Let me preface this post by saying that it was the hardest of the three parts to write. I’m enjoying the fruits of the high school years. I am most passionate about the middle school years. I love the baby years. But the elementary years (somewhere between age five to eight or nine) are scary to me. I have seen 3 children go through this stage and the fourth is in the middle of it now . Each child in this stage develops at a different pace. By middle school they even out to a great extent, but until then there can be great differences. Of my children, the first and second read by age five and the third and fourth by the age of eight. The first and third were early walkers and writers, and the second and fourth were late walkers and writers. My approach was about the same, but they were made and responded differently.
“I don’t see what the difference is in a home setting whether the child reads at six or at eight. They still learn to read.”
Okay, that was my confident speech that I give myself often. Here’s the truth. I stress myself all the time about the little ones.
“Am I laying down the foundation that they need? Am I failing them? Am I too relaxed? Why aren’t they getting it yet? Why are they behind the other kids their ages?”
I’ve used a relaxed approach with all four kids. My 15 year old amazes me. My 12 year old has turned the corner and is becoming independent in his learning. My 10 year old finally picked up chapter books this year. I have one child left to watch through this time. It is still scary, but not as scary as it was the first couple of times through. They do appear to be behind for the first few years, but they catch up and excel later. I have to trust the process.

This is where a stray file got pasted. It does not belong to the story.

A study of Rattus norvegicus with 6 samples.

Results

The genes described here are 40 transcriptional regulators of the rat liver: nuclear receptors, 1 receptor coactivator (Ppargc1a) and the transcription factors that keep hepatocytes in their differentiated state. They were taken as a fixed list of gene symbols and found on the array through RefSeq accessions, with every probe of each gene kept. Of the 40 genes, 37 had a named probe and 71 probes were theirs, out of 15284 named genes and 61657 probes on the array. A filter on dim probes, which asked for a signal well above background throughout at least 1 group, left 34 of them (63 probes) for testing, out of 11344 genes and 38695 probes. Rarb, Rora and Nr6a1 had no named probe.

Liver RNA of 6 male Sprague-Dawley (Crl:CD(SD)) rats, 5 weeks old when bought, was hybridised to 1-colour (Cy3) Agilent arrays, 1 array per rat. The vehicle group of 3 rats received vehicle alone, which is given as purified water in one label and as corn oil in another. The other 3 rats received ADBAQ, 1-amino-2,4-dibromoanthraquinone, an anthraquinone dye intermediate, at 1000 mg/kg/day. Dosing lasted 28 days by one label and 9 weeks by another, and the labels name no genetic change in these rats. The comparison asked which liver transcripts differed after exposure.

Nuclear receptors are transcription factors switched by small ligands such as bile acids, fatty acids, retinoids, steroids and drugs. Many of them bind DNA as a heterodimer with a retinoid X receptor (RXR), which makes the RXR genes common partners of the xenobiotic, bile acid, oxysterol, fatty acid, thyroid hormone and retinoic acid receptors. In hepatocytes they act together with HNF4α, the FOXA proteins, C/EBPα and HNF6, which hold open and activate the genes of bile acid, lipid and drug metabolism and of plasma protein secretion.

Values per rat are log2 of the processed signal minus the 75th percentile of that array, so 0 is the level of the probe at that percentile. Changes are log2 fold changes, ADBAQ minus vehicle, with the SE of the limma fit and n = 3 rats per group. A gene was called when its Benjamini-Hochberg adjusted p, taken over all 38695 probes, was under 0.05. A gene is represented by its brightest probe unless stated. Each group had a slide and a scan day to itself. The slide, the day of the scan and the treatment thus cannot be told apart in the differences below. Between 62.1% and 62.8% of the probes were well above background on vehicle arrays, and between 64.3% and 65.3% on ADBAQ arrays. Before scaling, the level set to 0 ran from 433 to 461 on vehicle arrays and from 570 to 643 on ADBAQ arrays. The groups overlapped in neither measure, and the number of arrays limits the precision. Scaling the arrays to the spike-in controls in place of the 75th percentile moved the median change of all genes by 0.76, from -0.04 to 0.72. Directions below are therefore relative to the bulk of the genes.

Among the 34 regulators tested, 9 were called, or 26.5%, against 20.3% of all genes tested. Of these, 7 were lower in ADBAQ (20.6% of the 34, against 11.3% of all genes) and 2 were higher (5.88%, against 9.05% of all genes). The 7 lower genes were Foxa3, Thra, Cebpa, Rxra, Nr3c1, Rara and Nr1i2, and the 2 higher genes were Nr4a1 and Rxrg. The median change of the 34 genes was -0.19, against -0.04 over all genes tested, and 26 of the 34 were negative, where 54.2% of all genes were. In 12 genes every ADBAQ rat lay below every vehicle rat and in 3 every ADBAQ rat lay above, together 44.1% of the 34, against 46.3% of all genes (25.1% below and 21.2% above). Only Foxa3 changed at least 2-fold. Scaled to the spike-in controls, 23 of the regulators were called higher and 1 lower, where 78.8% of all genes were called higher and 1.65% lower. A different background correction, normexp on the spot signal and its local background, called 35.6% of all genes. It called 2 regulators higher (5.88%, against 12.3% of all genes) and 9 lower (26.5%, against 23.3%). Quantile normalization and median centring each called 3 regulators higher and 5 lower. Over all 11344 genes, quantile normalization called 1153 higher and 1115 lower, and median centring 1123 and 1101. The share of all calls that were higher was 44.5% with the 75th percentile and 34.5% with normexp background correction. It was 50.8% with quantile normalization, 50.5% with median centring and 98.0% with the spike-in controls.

So what do I teach and what materials do I use?
Reading: Teach Your Child to Read in 100 Easy Lessons— I love this book. By the 13th lesson the child can read a three word story with an illustration, and they are so proud of themselves. It is simple but works. We never get through the whole book before they drop it for real books. That is the ultimate goal anyway. I want to help them fall in love with books.
Writing: Assuming my child already knows how to form each letter on paper, these are ways I have found helpful in practicing writing naturally.
Have them copy from books, poems, songs that they love. They can write letters to siblings and friends. Set up mailboxes for them to play games that include writing. Have them take orders for dinner and write them down. There are so many ways to employ writing skills in everyday life.
I write for them sometimes too. I let them dictate a story to me and I write it out. They love reading their story in writing, and it makes them want to do more.
Math: I usually buy a workbook for them around age seven. I buy the cheap $10 books because I know we will only do bits and pieces of it. I try to find hands on options when I can. I have a paper clock that I use to teach time. I teach measuring in the kitchen while baking cupcakes or when measuring how tall they have grown. I teach adding and subtracting, multiplying and dividing, even fractions with candy. I use the workbooks to keep an eye on where they should be, but it is definitely no big deal if we don’t use it if it is not what works. Sometimes what works are computer games and tablet apps. Our favorites are Jump Start, Reader Rabbit, and Math Missions.
Other: They are also learning Bible from church and from talking about it as it comes up at home, science and social studies as we experience them in a natural setting, through good books, and through television programs like Wild Kratts and Liberty Kids.
I followed my own convictions in teaching them for a while before I found a name that defined what I was already doing. Charlotte Mason advocates a gentle approach to learning, and it really does work.